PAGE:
Changing the game

Posted
Tuesday, October 28
PITTSFIELD — Baseball at Wahconah Park will have a new look and feel next summer: Dan Duquette, owner of the Pittsfield Dukes, has joined forces with the founder of a military baseball tour and a sporting goods company to run Pittsfield's New England Collegiate Baseball League franchise.

Boston Baseball All-Stars LLC, which includes Duquette, military tour founder Terry Allvord, and Gerry O'Connor and Buddy Lewis, two executives of the Texas-based Nokona Athletic Goods Co., are the new owners of the team, whose name has been changed from the Pittsfield Dukes to the American Defenders of Pittsfield.

Lewis, Nokona's managing partner, owns a summer home in Richmond and helped bring Red Sox ace Daisuke Matsuzaka to Pittsfield during the 2007 All-Star break.

The American Defender is a new baseball glove made by Nokona, which was founded in Texas in 1926 as a leather goods manufacturer. Nokona is the only baseball glove sold in the United States that is actually made in this country. The company currently operates facilities in Fall River and Worcester. The firm also sells bats — used by Major League Baseball stars such as David Ortiz, Vladimir Guerrero and Miguel Cabrera — and camouflage clothing.

Nokona plans to open a retail store adjacent to the team's offices, which will relocate from the Dukes' offices in the Clocktower Building on South Church Street to the former A.G. Edwards Co. office on South Street in the Berkshire Common.

The U.S. Military All-Stars are a separate entity from the NECBL team. Allvord, 45, a Navy veteran, who served as vice president, general manager and head coach of the NECBL's Newport Gulls in the early 1990s, founded the U.S. Military All-Stars' "Red, White and Blue Tour" in 1990. The U.S. Military All-Stars consists of two baseball teams, one stateside, the other overseas, that are made up of active military personnel who conduct barnstorming tours against all comers during the summer.

"The Harlem Globetrotters of baseball," said Allvord, a native of Santa Monica, Calif. "That's what it is."

Nokona has assisted Allvord with the U.S. Military All-Stars, and was one of the primary sponsors of the professional baseball league in Israel that Duquette helped to create.

"This partnership will bring baseball to another level in Pittsfield," Duquette said yesterday.

"I didn't have the resources to do that by myself and with the Sports Academy," said Duquette, referring to the sports camp he runs in HInsdale.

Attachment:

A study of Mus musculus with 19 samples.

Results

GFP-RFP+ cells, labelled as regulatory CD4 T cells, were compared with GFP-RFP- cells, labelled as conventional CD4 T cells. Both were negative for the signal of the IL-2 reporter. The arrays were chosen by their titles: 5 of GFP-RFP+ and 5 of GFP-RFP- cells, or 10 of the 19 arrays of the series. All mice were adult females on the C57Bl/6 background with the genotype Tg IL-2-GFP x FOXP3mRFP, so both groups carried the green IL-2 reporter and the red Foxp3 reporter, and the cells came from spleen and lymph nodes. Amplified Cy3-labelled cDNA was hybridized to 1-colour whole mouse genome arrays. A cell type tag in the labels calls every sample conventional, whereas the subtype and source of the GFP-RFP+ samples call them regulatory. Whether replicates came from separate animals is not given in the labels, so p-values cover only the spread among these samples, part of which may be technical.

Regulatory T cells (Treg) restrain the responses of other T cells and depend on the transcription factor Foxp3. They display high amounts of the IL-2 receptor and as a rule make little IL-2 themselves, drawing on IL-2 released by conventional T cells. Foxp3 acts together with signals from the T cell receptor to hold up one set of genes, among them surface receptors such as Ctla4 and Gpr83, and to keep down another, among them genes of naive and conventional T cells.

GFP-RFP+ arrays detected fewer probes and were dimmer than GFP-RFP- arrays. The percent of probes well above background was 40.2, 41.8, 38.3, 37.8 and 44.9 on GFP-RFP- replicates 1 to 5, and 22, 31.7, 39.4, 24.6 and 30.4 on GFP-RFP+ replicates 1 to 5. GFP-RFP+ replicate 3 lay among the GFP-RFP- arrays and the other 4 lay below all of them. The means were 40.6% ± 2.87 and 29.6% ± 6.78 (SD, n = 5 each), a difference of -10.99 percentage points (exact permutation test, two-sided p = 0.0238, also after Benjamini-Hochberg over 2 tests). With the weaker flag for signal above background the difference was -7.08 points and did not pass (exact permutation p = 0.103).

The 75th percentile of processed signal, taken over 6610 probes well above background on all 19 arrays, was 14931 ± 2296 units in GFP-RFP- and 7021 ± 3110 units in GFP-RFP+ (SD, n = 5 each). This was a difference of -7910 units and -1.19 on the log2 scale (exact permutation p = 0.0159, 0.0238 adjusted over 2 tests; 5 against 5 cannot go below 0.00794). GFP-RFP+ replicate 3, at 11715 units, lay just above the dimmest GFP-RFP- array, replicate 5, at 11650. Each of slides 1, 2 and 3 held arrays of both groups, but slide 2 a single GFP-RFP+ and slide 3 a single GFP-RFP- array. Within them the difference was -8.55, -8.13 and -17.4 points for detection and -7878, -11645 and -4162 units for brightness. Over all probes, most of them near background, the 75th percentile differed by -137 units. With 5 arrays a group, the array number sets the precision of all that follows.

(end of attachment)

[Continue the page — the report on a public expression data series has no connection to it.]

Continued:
Duquette, a Dalton native and former Red Sox general manager, has said the Dukes, who moved from Hinsdale to Pittsfield in 2005, had the highest lease agreement in the 13-team NECBL.

Although the Dukes signed a one-year lease agreement with the city of Pittsfield in December 2007 to use Wahconah Park during the summer of 2008, Duquette failed to pay some $8,500 of the team's previous year's expenses until this past spring.

Acrimonious negotiations

This summer's lease agreement has expired, and Duquette said he plans to seek a new three-year agreement with the city's Park Commission that would keep the Defenders in Pittsfield through 2011.

Except for last year, Duquette's previous two negotiations regarding lease agreements with the Park Commission were acrimonious following the fallout regarding the previous two proposals by other groups to play at Wahconah. The majority of the current Park Commission members who presided over Duquette's first two negotiations are no longer on the board.

Park Commission Chairwoman Sheila LaBarbera could not be reached for comment yesterday, but Mayor James M. Ruberto said the new ownership group has already had informal discussions regarding the lease with Park Commission representatives.

"The representatives have already met with them on a couple of occasions," Ruberto said. " There's certainly going to be no surprise as to who they are, and what their interests are.

"I can't speak for the Park Commission," Ruberto said. "But I sense that (LaBarbera) is very, very, very interested in seeing this partnership at Wahconah Park."

Besides the NECBL team and the two touring military all-star squads, the Boston Baseball All-Stars recently purchased the Nashua (N.H.) Pride, of the independent Canadian-American League, and renamed the team the American Defenders of New Hampshire. The NECBL team's new general manager, Jon Tosches, worked for the Pride last year. The Can-Am League was formerly the Northeast League, which included the now-defunct Berkshire Black Bears who played in Pittsfield in 2002 and 2003.

The ownership group has renamed their Can-Am League team's facility in New Hampshire Nokona Park at Holman Stadium, and wants to rename Pittsfield's historic 3,100-seat baseball park Nokona Field at Wahconah Park, Allvord said. The new name is already listed on the team's Web site as Nokona Stadium at Wahconah Park.

"That's something legally that we would have to discuss," Ruberto said, believing that the Park Commission would have to approve any name changes associated with the ballpark.

Park name prominent

Ruberto said a name change like the partners suggested is a possibility, but that any name for the ballpark would have to prominently feature the words "Wahconah Park."

The mayor said he believes all of the matters involving the Park Commission can be wrapped up by the end of this year.

Allvord said the U.S. Military All-Stars and the Can-Am League team will conduct preseason training in Pittsfield in May.

"The Military All-Stars will play against the pro team every night to get ready," Allvord said. Those games will take place Tuesdays through Fridays until the NECBL season opens in June.

To reach Tony Dobrowolski: tdobrowolski@berkshireeagle.com, or (413) 496-6224.